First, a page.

We are introducing a revised graduate program in Fall 2021 with a new emphasis on close work with individual students and programming tailored to meet their needs. Incoming students will clarify their professional interests and work together with faculty to design a program that makes the best use of our resources toward reaching their goals. While many of our students will continue to train for academic positions, we are building in greater flexibility to allow students to train for other fields.
The main thrust of our program is interdisciplinary approaches to culture, with an emphasis on literature and the visual arts. Russian, Polish, Czech, and Balkan languages and literatures are taught by accomplished faculty with a broad variety of specializations, from medieval Slavic literature and the classic realist novel to modernist, socialist-realist, and post-communist cultural production.
We work carefully from the point of admission to meet the learning objectives of our students, and in return ask that our students commit to achieving their own goals and satisfying departmental expectations, including timely progress toward the degree (typically within six years). Under a new funding model, students now teach only as necessary for professional training and receive a full stipend for the duration of their time in the program.
Requirements for the first two years
- Ten graduate level quarter courses, including Proseminar in Literary Theory and Methods and at least three courses in the literature of specialization.
- Advanced proficiency in the principal Slavic language
- Reading knowledge of one research language
- Pedagogical/Professional Training
- Completion of the Qualifying Paper
The Qualifying Paper
The Qualifying Paper is an extensive research paper, which should demonstrate the ability to conduct independent research and make original, publishable contributions to the field of study. The paper is generally 35-40 pages (double- spaced) in length and must be submitted by the seventh week of the spring quarter of the third year. It is written under the guidance of a faculty member of the Slavic Department and in consultation with one additional faculty member. Its evaluation includes a one-hour-long discussion, during which the student responds to the committee’s questions. The committee then recommends to the faculty whether the student should progress to candidacy in the Ph.D.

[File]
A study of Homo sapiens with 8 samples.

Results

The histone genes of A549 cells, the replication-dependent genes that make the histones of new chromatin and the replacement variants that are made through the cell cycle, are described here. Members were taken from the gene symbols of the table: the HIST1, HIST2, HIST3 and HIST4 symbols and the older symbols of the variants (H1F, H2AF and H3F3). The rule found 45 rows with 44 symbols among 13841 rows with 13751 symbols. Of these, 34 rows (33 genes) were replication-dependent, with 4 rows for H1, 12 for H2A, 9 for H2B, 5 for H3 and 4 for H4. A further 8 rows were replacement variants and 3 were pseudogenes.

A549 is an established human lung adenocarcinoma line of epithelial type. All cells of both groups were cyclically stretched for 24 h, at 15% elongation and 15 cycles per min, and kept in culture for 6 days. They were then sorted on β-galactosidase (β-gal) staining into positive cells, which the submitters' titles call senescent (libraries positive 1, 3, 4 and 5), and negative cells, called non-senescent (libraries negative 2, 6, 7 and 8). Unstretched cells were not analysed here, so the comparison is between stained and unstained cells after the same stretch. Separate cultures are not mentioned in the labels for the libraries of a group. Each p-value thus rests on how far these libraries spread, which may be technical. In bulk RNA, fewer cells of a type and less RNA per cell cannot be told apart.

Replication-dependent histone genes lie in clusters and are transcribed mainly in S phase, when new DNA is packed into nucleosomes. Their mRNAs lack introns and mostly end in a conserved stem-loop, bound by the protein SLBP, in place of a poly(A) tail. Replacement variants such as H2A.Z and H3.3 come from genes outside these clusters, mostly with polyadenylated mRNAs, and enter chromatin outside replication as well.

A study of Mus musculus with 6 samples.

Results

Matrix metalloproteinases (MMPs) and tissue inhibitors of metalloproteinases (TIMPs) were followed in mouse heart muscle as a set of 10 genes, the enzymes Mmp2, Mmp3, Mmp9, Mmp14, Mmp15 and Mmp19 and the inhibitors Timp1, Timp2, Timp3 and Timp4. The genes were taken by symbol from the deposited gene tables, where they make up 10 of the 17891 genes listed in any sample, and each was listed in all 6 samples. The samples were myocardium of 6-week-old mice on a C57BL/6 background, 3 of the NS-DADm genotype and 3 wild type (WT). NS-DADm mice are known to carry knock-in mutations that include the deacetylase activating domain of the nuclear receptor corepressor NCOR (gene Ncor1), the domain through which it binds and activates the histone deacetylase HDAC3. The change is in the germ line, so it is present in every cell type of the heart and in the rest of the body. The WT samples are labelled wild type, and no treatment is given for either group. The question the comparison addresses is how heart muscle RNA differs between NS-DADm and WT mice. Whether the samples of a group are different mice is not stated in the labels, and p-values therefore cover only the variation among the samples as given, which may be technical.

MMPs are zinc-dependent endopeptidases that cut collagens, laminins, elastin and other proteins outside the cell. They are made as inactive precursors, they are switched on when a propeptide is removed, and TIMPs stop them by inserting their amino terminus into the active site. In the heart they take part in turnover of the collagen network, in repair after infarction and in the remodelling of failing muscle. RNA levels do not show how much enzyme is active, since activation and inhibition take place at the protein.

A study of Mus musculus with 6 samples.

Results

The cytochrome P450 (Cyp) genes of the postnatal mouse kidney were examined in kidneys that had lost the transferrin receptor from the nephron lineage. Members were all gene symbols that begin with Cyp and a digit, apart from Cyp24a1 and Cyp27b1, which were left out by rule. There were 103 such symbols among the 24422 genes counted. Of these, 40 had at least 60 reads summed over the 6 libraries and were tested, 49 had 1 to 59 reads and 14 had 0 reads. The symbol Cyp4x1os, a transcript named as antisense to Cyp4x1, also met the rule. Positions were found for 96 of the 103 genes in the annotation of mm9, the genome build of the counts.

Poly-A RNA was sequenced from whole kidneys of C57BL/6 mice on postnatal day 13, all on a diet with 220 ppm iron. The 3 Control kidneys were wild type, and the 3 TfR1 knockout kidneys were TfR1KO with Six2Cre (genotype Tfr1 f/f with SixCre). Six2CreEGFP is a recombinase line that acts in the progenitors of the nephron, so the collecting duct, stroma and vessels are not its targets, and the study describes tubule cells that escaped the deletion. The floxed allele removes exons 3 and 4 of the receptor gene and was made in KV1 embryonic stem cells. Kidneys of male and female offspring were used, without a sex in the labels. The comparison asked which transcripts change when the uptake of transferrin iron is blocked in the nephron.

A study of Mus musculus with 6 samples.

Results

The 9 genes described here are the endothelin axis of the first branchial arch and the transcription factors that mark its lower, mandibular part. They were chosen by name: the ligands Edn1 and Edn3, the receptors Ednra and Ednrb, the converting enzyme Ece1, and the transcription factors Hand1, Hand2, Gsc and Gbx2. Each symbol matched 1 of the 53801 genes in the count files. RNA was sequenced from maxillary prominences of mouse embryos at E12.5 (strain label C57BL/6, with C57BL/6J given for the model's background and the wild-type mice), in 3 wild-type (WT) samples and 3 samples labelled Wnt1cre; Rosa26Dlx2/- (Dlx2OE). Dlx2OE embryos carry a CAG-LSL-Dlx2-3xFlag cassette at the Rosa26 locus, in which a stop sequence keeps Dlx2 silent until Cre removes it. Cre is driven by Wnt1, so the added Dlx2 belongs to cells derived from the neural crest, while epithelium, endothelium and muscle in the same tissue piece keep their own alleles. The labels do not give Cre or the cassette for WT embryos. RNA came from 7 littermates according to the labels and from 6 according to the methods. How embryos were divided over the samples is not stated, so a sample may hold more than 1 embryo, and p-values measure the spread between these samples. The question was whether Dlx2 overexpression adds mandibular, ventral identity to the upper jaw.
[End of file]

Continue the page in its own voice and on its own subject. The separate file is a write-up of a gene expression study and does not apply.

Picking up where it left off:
The Comprehensive Exam
Students are normally expected to take the Comprehensive Examination not later than the end of the fall quarter of the third academic year. If unsuccessful, the Examination may be repeated at the Department's discretion.
The exam will include a) an oral discussion based on a general list of (about fifty) essential works in literature and theory from the region, b) a written examination including a passage or passages in the principal language for close critical analysis, and c) an oral examination covering factual and interpretive matters relating to the history of the literature/culture of the principal language of specialization.
Minor Field Examination
Preparation in the minor field, typically a secondary discipline (film, environmental studies, etc.) or the literature/culture of a second Slavic or regional language, is demonstrated in a ninety-minute oral examination with faculty, which can be taken any time before advancement to candidacy.
In preparation for the minor field exam, students pursuing comparative Slavic must acquire intermediate proficiency in a second Slavic or other regional language (usually achieved after two years of study) and knowledge of an area or period of literature or culture produced in that language. Those pursuing other secondary fields, such as film, visual arts, or performance, queer, or environmental studies, must acquire knowledge of its fundamental theoretical apparatus and key works. It is recommended that at least three graduate level courses (hybrid or graduate seminar) be taken in that area of study, though more auto-didactic methods may be applied.
The dissertation serves as both a capstone of the student’s graduate education and her first major contribution to the profession. The topic is developed by the student in close consultation with a committee, led by the dissertation advisor and two or three additional faculty readers. The committee may include faculty from other departments at the University of Chicago and other universities. Effective topics approach a clearly defined object of study with a focused theoretical question, with the intention of illuminating and refining both the object and the concepts being employed. Usually, the dissertation is proposed in the fourth year of study and takes two or three years to complete. The dissertation is presented at a public defense before being submitted to the University.
Joint Ph.D. Programs
Students who apply to Slavic Languages and Literatures as a second Ph.D. program at the University of Chicago are required to fulfill all our Ph.D. requirements, though courses from their primary program of Ph.D. study can be used to satisfy the minor field requirement.